Hot swap sockets! On some keyboards they come by default, on other keyboards you can add them as a modification later. For the custom built Kyria, you can choose to have them installed for you. But why would you use them?
Pictured: Mill Max Hot Swap Sockets, available at splitkb.com.
Swap your switches without having to solder
The main reason to hot swap anything, like microcontrollers and switches, is to be able to easily remove and replace the thing you're socketing.
When it comes to switches, it's often hard to decide on a single switch. The variety is huge, and you might try a number of different switches before settling on your final choice. In this case, using hot swap switches makes swapping your switches easy, since you can use a switch puller to easily replace your switches, without having to solder.
Before making your decision, you should know of the caveats:
- You'll want to use a thin plate with your keyboard for the switches to sit reliably. Switches have clips which hook them into a plate. For MX switches, you'll generally want a 1.5mm plate, while for chocs this is 1.2mm. When you use a thicker plate, such as acrylic, the switches won't clip into the plate, and can get unseated much more easily.
- Not all switches are compatible with hot swap sockets. For instance, the Mill Max Hot Swap Sockets don't fit Kailh Pro switches, since their switch legs are slightly too wide to fit in a socket.
- Not all keyboards are compatible with hot swap sockets. Prior to revision 2.0, the Kyria did fit sockets for use with MX switches and compatible clones, but the holes in the PCB weren't big enough to fit Kailh Choc Low Profile switches. Although this was fixed in Kyria revision 2.0, similar restrictions may still apply to other keyboards.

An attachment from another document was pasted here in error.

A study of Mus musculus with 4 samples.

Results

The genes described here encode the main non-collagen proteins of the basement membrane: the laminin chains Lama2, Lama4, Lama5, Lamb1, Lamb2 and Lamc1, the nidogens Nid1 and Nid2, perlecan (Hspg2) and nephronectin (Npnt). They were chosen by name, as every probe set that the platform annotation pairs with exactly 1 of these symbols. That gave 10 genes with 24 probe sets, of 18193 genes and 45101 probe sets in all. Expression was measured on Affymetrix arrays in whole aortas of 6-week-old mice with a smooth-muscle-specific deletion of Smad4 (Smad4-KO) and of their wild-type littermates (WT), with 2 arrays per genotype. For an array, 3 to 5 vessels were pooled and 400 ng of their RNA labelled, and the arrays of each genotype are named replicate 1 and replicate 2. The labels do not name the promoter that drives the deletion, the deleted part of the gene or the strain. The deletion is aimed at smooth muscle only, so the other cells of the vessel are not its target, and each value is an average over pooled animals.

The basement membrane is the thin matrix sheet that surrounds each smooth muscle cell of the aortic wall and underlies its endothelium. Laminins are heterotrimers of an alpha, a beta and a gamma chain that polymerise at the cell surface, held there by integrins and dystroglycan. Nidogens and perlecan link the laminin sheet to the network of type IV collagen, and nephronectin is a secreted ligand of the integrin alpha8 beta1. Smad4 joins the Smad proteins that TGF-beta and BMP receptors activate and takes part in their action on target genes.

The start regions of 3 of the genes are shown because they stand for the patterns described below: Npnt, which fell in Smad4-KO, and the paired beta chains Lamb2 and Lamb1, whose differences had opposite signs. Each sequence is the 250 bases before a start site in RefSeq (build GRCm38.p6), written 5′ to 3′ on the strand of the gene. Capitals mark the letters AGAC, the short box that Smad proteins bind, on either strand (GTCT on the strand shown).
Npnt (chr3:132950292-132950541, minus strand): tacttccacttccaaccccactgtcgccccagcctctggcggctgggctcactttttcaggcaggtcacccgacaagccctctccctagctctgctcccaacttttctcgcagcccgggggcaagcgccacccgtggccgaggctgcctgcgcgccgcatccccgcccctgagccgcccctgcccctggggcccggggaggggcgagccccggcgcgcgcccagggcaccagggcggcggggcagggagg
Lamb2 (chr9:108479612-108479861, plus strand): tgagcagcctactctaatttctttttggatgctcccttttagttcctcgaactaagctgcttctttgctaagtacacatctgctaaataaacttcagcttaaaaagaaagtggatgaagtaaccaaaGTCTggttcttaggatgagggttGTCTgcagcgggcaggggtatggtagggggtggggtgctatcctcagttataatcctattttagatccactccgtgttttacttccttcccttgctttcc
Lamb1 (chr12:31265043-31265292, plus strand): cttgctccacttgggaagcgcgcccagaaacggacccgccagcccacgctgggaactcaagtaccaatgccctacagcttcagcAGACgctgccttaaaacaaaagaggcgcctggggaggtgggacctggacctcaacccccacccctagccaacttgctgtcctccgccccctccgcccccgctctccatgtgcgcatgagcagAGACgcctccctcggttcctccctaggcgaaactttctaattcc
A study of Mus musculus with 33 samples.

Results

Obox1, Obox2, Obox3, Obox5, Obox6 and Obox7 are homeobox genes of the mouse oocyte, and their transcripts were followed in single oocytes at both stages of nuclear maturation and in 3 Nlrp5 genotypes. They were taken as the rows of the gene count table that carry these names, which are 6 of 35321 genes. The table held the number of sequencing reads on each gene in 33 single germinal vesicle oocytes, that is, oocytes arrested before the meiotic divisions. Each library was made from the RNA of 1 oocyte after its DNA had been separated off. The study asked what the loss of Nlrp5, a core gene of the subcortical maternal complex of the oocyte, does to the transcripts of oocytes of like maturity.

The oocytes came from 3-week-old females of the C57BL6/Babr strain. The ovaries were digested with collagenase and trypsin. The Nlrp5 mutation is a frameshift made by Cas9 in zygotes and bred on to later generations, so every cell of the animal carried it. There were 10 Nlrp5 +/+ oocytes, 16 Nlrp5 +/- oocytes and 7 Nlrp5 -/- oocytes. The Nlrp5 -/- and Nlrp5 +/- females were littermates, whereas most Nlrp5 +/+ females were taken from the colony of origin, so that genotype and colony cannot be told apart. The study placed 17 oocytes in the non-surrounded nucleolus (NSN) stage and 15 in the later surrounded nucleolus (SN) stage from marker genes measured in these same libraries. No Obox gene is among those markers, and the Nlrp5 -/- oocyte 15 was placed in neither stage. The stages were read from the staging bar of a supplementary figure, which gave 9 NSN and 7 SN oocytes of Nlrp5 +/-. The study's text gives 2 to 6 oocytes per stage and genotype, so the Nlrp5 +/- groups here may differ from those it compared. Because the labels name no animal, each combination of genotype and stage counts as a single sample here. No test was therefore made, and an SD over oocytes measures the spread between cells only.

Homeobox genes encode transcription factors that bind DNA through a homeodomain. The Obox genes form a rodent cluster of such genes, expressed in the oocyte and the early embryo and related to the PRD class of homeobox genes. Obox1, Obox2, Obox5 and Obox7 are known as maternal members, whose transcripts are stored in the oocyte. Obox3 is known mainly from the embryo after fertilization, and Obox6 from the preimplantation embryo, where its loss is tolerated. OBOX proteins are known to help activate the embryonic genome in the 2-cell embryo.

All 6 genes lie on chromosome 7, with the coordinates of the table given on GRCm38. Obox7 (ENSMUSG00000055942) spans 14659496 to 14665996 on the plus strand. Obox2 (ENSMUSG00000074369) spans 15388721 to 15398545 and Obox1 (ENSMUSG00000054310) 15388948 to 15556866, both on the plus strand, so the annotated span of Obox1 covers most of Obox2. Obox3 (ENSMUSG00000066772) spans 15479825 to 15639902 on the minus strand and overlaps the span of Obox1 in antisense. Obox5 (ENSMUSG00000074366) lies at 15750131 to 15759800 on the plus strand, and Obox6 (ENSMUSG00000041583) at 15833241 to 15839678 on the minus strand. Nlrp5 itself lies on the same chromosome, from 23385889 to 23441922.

- Sockets eventually wear out. They're rated for a limited number of times of swapping your switches. Kailh hot swap sockets are rated for 100 so-called cycles, while Mill Max Hot Swap Sockets are rated for 1000 cycles. While sockets are relatively sturdy, their lifetime may be shortened if you use desoldered switches with them, or when you try to force your switches in when the pins aren't aligned correctly.
- Adding hot swap sockets as an aftermarket modification does cost extra. Especially Mill Max sockets are less affordable, as these parts are small, precision-machined and gold plated. This makes them reliable and sturdy.
- Soldering the sockets can be tricky and requires patience. Even experienced builders can get it wrong from time to time, flooding the socket with solder by accident.
- If you're a frequent traveler and like to throw your keyboard in your backpack without a case, you may want to hold off on sockets, as it does require little force to unseat a switch from the sockets.
Many people happily use hot swap sockets. They're nice to have, especially when going all out on build options - they make it easy to swap your switches after the build, making it easy to change, mod or lube them as your preferences develop. However, it comes down to your preferences: they're not required, and can be nice to have depending on what you need.
Still have questions? Feel free to ask by email or through Discord. Thanks for reading!